The Lawyer’s new China Elite report contains the most detailed research available on the PRC legal market and contains unparalleled insight into the country's leading law firms. They vary in size, practice focus and geographic coverage, but they all share one common quality – ambition... Read more
This year, The Lawyer’s annual ranking of the largest UK law firms by turnover is available as an interactive, digital benchmarking tool. For the first time this will allow you to manipulate each data set against the metrics of your choice.
The stand out stories in the past two weeks have undoubtedly been that of Dubai World’s debt restructure and the Supreme Court ruling over the bank charges.
Dubai World, a government-owned investment company with total debts of £35bn, asked creditors if it can postpone its forthcoming repayments until May next year. The story, which broke last week, sent shock waves across the globe with many fearing that a sick Dubai economy could potentially derail the fragile economic recovery, resulting in a so-called “W” shaped recession.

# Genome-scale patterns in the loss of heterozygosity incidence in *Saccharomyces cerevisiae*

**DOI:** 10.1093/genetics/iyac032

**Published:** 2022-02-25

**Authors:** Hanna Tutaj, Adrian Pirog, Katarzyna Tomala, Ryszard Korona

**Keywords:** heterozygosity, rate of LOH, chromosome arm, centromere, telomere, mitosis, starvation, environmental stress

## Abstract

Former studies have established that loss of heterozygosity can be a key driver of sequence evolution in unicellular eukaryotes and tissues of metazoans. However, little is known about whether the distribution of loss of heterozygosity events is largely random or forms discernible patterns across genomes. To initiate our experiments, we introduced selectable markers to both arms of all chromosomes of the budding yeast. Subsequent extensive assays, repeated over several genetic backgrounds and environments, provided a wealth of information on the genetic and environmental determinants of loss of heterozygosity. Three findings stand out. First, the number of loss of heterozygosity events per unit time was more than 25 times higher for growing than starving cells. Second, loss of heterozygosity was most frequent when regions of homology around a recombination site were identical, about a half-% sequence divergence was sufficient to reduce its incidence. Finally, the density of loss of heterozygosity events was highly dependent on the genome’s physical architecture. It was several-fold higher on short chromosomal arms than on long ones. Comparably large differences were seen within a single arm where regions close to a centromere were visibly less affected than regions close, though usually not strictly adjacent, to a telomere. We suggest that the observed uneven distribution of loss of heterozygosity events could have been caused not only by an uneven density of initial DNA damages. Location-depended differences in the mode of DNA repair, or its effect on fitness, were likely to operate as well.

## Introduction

Dubai World’s financial woes, however, have benefited magic circle firm’s Allen & Overy and Clifford Chance, which have been called in to advise the lenders and Dubai World respectively (read article). Meanwhile, Ashurst has bagged a key role advising a group of bondholders in relation to the debt standstill (read article).
Meanwhile, the Office of Fair Trading (OFT) suffered a major blow in the Supreme Court on 25 November when the country’s most senior judges ruled that the regulator could not investigate the fairness of overdraft charges for unauthorised bank charges.
The decision to overturn the Court of Appeal’s ruling came as a shock to the one million claimants who had sought compensation from the high street banks for being charged unfair overdraft fees. Those actions had been stayed until the 26 January 2010 pending the outcome of the two-year battle. It is believed they will now be struck out altogether (read article).
What’s more serious questions will be raised about whether the OFT should’ve brought the case in the first place (read article).